Why does Prince Escalus blame himself for the tragedy?


At the beginning of the play, Escalus tells the feuding families that "three civil brawls, bred of an airy word ... have thrice disturb'd the quiet of our streets ..." indicating that he has allowed the fighting to get out of hand. Now he says, working to restore order, "your lives shall pay the forfeit." He essentially says he is tired of fooling around and the fighting has to stop or heads will roll.

However, Escalus, a wise and what Shakespeare might call a "meek" ruler, meaning merciful, clearly doesn't want to be passing death sentences on members of the feuding families: for instance, he banishes rather than executes Romeo for killing Tybalt. Tybalt is a hothead, but the fact that he is ready to go back to fighting a day after Escalus has made his threat to execute anyone who feuds means that Escalus's threat is probably not being taken completely seriously—and for good reason, as Escalus backtracks with Romeo one day after his strong words. Escalus may be reminiscent of Vincentio, the Duke of Vienna in Measure for Measure, who has to leave the city in the hands of Angelo to try to restore order after his lax rule.

Escalus says at the end of the play that he has been "winking" at the feud, indicating once again that he is aware that he has not taken a strong enough hand in stopping the fighting. In this play, however, the shock of the young lovers' deaths is enough to restore the peace.


"And I for winking at your discords too
Have lost a brace of kinsmen: all are punish'd."

It is not so much that the Prince blames himself for the tragedy, but he does take responsibility for not having done enough to stop the feud between the families. He says that he was only "winking" at their strife. This suggests that he feels that he had temporarily closed his eyes to their battle, choosing to, at most, ignore the ongoing dispute. The Prince essentially puts forward that he could have done more and that, if he had done so, the present tragedy would not have occurred.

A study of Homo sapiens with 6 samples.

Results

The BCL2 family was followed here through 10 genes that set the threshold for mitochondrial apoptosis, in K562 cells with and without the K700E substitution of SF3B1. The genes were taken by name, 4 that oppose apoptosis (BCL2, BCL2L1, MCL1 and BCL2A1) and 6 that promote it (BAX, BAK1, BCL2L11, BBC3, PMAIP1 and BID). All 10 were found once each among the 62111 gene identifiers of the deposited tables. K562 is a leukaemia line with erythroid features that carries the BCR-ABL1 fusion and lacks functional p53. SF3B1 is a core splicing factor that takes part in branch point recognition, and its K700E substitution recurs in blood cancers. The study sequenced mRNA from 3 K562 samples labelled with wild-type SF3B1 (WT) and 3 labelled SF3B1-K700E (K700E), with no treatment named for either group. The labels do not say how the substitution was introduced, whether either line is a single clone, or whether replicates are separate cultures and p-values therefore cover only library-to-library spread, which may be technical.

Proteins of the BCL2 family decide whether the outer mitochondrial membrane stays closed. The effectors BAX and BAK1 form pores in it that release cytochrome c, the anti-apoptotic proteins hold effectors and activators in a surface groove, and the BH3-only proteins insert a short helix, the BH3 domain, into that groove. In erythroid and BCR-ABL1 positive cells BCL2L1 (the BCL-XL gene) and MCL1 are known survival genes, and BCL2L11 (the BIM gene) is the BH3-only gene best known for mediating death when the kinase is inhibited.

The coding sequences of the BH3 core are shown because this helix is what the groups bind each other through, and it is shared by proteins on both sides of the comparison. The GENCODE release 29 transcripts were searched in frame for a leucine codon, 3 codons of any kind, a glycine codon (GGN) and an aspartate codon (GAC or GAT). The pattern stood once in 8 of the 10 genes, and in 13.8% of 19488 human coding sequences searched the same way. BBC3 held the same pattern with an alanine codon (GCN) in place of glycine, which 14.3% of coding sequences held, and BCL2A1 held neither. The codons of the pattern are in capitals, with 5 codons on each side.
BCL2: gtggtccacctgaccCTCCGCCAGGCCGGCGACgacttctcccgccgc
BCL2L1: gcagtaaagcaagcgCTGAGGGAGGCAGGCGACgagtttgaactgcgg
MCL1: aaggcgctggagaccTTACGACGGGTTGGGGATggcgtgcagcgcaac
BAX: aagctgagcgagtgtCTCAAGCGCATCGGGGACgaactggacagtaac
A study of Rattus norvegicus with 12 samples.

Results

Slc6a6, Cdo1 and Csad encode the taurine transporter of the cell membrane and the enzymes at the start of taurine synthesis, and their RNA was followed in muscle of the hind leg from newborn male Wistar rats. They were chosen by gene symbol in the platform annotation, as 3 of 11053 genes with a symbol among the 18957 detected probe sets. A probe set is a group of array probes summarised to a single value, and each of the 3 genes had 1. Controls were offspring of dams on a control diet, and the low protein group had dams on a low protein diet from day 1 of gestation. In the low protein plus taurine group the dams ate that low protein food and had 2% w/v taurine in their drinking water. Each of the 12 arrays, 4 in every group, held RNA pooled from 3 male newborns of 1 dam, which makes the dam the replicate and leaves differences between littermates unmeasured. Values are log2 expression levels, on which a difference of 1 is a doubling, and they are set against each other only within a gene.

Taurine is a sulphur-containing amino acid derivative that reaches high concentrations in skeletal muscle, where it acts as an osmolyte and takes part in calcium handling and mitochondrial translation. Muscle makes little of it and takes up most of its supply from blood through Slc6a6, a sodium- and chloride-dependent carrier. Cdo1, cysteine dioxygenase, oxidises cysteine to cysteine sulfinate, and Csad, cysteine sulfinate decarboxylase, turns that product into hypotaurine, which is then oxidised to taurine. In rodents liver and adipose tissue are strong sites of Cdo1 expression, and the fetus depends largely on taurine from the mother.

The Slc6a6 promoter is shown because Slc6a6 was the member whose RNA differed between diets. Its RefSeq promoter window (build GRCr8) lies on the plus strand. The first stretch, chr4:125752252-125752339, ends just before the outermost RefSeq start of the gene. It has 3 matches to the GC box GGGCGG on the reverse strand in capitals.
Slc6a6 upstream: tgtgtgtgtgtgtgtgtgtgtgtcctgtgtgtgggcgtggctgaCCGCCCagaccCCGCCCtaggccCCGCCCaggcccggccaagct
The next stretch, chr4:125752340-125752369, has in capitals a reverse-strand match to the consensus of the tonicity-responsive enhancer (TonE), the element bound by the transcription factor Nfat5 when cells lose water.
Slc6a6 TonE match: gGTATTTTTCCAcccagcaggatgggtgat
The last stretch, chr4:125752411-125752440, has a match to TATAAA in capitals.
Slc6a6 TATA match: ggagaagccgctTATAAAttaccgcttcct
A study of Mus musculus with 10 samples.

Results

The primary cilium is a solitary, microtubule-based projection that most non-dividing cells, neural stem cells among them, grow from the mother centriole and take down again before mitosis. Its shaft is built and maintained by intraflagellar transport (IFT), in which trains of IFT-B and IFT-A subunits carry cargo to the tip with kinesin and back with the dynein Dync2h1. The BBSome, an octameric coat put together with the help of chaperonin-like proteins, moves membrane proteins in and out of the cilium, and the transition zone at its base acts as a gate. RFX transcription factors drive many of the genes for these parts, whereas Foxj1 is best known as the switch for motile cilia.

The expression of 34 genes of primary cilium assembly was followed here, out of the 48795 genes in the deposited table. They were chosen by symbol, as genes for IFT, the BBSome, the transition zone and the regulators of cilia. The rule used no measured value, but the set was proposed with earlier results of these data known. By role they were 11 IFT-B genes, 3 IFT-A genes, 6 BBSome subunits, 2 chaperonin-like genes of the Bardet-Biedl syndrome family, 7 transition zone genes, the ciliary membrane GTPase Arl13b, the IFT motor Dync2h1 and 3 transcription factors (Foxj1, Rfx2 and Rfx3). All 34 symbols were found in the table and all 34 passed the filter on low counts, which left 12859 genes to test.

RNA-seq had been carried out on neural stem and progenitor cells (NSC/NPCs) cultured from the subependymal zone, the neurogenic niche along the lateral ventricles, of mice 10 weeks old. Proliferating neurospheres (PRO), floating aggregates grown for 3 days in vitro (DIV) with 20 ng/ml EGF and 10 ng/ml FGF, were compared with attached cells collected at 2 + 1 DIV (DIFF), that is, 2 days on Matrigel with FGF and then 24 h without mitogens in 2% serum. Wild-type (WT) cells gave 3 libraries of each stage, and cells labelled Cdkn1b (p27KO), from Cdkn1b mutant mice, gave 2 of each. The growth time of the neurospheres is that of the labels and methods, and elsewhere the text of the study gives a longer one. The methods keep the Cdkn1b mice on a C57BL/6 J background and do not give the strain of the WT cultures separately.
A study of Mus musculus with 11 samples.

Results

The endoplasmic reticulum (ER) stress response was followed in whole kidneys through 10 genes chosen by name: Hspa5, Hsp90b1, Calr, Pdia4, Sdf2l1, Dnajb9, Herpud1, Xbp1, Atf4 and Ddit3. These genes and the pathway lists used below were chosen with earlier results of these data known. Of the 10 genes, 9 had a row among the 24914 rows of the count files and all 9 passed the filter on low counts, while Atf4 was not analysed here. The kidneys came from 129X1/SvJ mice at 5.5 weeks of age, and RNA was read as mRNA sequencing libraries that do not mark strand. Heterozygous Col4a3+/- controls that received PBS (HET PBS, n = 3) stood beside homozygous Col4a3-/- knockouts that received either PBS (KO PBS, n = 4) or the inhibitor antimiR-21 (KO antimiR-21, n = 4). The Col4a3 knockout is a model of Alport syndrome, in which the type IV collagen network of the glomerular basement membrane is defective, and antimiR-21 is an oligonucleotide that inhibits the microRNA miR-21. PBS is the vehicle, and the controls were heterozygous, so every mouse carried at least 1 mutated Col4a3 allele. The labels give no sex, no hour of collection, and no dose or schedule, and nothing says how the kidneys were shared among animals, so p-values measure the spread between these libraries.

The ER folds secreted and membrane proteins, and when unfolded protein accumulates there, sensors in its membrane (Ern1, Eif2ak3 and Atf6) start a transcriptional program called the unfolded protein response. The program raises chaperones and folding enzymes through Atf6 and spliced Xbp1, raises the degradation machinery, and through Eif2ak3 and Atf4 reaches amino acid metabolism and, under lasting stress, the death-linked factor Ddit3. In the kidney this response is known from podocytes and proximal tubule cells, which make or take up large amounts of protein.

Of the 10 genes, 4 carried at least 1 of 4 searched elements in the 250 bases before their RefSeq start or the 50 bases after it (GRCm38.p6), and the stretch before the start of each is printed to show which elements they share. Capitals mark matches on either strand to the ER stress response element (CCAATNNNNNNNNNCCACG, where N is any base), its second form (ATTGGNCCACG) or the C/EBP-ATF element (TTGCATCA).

He furthermore proposes that, because of his reasonably dismissive attitude, he had also suffered loss. Two of his kinsmen (Mercutio and Paris) have died. A firmer and much more hard-handed approach to end the quarrel between the two warring factions, might have prevented this unnecessary tragedy. 

One can sympathize with the Prince, for on the whole, he had intervened and had promised both families severe sanctions if they should indulge their whims and strike out at each other. At the beginning of the play (Act 1 scene 1) he had warned both families: 

"If ever you disturb our streets again,
Your lives shall pay the forfeit of the peace."

And again, after both Tybalt and Mercutio were killed in battle, he banished Romeo and warned:

"But I'll amerce you with so strong a fine
That you shall all repent the loss of mine"  and

"I will be deaf to pleading and excuses;
Nor tears nor prayers shall purchase out abuses:
Therefore use none: let Romeo hence in haste,
Else, when he's found, that hour is his last."

He had clearly taken a tough stance, all to no avail.



Where be these enemies? Capulet! Montague!
See, what a scourge is laid upon your hate,
That heaven finds means to kill your joys with love.

However, the Prince is quick to include himself as being partly to blame for the tragedy. He adds the following:

And I for winking at your discords too
Have lost a brace of kinsmen: all are punish'd.

Here, he is not saying that he is directly responsible for the six deaths that occur in the story, but he is taking some responsibility. He is implying that he thinks that if he had taken the families' quarrel more seriously, if he had been more proactive and assertive, the tragedy that occurred could have been avoided. He was well aware of the potential for tragedy in his city but was perhaps too merciful and too inactive.

The reader may think that the Prince is being unduly harsh on himself here. He did threaten punishment in the event that the families openly feuded in the streets of Verona. He banished Romeo after the slaying of Tybalt.

However, by including himself among the guilty, he may be grieving for his own lost relatives, Mercutio and Paris, who were caught up in the feud of the Montagues and Capulets. He may also be including himself because he is the leader of these people and ultimately shares some responsibility for all that takes place in his city.